NEW DELHI: The one person I never met while I was R&AW chief was my Pakistani counterpart, the ISI chief, a position held by two successive people during my tenure: Gen Ziauddin Butt and General Mahmud, who was burned by the fact that in 2000 we turned Majid Dar around.
It’s not that I was overly keen to meet the ISI chief, but it is strange that I met the CIA chief, the Mossad chief, the Russian intelligence service chief — and even the inscrutable head of the Chinese secret service.
Meeting other chiefs was a part of the job. One needed to maintain liaison with other services. What didn’t make sense was never liaising with the ISI chief.
The CIA and the KGB never stopped talking to each other even during the worst days of the Cold War; it is documented that during the Cuban missile crisis at the height of the Cold War, US president John F Kennedy and Soviet premier Nikita Khrushchev were writing and talking to one another. Whereas we, at the drop of a hat, stop talking to the Pakistanis.
After I left the government altogether I continued to advocate this in the various track two dialogues between India and Pakistan that I joined (these are non-official meetings of retired soldiers, academics, bureaucrats, journalists and others which help in generating out-of-the-box ideas to better bilateral relations that can’t otherwise be taken up at official meetings).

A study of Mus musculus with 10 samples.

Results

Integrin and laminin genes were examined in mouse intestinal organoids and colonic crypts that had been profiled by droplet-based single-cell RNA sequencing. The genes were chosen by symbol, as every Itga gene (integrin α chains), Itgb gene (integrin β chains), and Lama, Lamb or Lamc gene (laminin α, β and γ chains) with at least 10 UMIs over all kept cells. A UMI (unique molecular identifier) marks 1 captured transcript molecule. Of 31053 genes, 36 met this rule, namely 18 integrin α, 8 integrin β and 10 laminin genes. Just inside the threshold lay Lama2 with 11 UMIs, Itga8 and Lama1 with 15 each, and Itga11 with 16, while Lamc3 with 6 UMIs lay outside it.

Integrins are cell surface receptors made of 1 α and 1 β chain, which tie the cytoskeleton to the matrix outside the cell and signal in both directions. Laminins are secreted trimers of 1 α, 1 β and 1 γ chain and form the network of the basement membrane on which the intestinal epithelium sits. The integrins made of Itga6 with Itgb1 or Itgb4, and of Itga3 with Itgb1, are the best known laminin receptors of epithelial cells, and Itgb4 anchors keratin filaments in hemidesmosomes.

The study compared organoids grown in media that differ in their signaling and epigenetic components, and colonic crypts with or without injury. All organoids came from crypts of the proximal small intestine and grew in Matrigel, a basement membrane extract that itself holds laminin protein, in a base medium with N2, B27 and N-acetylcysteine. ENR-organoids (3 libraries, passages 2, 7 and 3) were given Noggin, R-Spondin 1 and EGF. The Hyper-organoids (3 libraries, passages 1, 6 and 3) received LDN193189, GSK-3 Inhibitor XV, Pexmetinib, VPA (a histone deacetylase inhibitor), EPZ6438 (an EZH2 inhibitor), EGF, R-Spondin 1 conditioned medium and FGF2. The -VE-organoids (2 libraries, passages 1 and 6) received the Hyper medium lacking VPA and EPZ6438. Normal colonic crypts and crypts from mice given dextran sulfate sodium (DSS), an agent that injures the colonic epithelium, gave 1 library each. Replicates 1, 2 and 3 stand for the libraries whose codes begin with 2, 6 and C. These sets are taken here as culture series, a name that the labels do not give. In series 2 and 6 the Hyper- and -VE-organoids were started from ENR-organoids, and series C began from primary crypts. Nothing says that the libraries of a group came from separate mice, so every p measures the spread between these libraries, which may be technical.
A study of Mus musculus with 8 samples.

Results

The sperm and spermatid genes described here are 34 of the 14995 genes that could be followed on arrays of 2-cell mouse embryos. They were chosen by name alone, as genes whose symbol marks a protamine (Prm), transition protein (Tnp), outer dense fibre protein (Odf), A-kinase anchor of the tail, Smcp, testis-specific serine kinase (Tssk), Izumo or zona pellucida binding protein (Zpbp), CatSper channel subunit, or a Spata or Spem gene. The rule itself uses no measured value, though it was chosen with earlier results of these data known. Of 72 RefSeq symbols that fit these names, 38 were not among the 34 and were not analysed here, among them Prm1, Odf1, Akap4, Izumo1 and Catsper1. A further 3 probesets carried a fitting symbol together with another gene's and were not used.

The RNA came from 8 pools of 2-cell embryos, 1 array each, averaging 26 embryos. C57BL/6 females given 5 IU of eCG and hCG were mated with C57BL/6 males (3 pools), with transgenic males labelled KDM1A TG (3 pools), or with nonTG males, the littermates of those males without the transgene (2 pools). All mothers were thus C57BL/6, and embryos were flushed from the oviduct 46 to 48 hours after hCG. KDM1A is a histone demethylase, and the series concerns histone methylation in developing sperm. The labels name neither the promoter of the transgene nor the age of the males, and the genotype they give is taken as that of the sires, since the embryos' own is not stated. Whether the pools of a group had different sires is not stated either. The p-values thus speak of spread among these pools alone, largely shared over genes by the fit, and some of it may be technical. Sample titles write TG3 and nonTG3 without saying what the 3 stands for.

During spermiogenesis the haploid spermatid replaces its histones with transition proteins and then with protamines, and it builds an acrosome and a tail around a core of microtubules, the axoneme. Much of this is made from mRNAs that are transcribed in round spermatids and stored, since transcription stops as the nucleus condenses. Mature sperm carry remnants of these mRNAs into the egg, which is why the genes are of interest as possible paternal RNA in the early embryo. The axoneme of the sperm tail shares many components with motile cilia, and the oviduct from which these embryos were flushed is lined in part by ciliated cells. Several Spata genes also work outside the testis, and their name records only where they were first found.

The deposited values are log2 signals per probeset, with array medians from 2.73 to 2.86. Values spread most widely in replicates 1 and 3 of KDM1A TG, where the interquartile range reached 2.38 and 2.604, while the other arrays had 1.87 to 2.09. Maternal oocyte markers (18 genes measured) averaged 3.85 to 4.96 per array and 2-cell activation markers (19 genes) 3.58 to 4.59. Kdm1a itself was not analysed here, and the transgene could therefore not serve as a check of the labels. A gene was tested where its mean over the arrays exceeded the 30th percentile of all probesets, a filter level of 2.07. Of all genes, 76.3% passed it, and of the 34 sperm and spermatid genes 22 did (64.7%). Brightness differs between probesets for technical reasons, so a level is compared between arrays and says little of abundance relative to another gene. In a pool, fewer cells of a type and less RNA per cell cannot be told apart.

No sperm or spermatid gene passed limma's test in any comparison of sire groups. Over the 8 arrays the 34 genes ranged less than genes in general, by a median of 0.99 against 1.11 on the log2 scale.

It wasn’t as if a R&AW chief had never met the ISI chief — in the late 1980s, one of my predecessors, AK Verma, had two meetings with his counterpart, Lt. Gen Hamid Gul. Thus it wasn’t a heretical idea, and could hold some benefits. I even wrote a paper about it with former ISI chief Lt. Gen Asad Durrani, whom I often met at meetings of retired intelligence chiefs.
The Pakistanis have been keen to meet. During my tenure at R&AW, we used to forever be getting these messages from friendly intelligence agencies: why don’t you meet the Pakistanis, they are keen to meet. Sometimes we would hear it from the Saudis; sometimes from the Iranians; and sometimes from the Sri Lankans.
And once, someone even as innocuous as the South Africans said: why don’t you and the Pakistanis talk? The thing was, the Americans and the British would stay out of all of this though they were the ones who actually wanted this meeting of the secret services. It must have been one of their ways of trying to get things going.
One day I went and told the national security advisor. ‘Sir, yeh messages aate rehte hain,’ I said. ‘Mil ke toh dekhte hain,isme harz kya hai. Dekh hi le.’
‘Nahin-nahin,’ Brajesh Mishra responded. ‘Abhi time theek nahin hain.’Perhaps he thought I wasn’t hawkish enough to be talking to the Pakistanis.
Eventually, the R&AW chief was dispatched to meet the ISI chief to firm up details for the ceasefire that Pakistan announced in November 2003; CD Sahay and Ehsanul Haq met in July-August of that year, and according to Sahay, it really helped the situation in Kashmir as infiltration plummeted in October 2003; along with the successful and fair 2002 assembly election in J&K, it led to the deputy prime minister starting a dialogue with the separatists in January 2004.
The ISI also acknowledges that timely intelligence provided by R&AW about a likely Jaish-e-Mohammed attack may have saved President Musharraf’s life in 2004. Musharraf himself is said to have acknowledged it.
Incidentally, two of the Jaish militants involved were hanged in Pakistan after the attack in a Peshawar school in December 2014. And there was another meeting, between Sahay’s successor PK Hormis Tharakan and his counterpart Ashfaq Pervez Kayani, who later became army chief.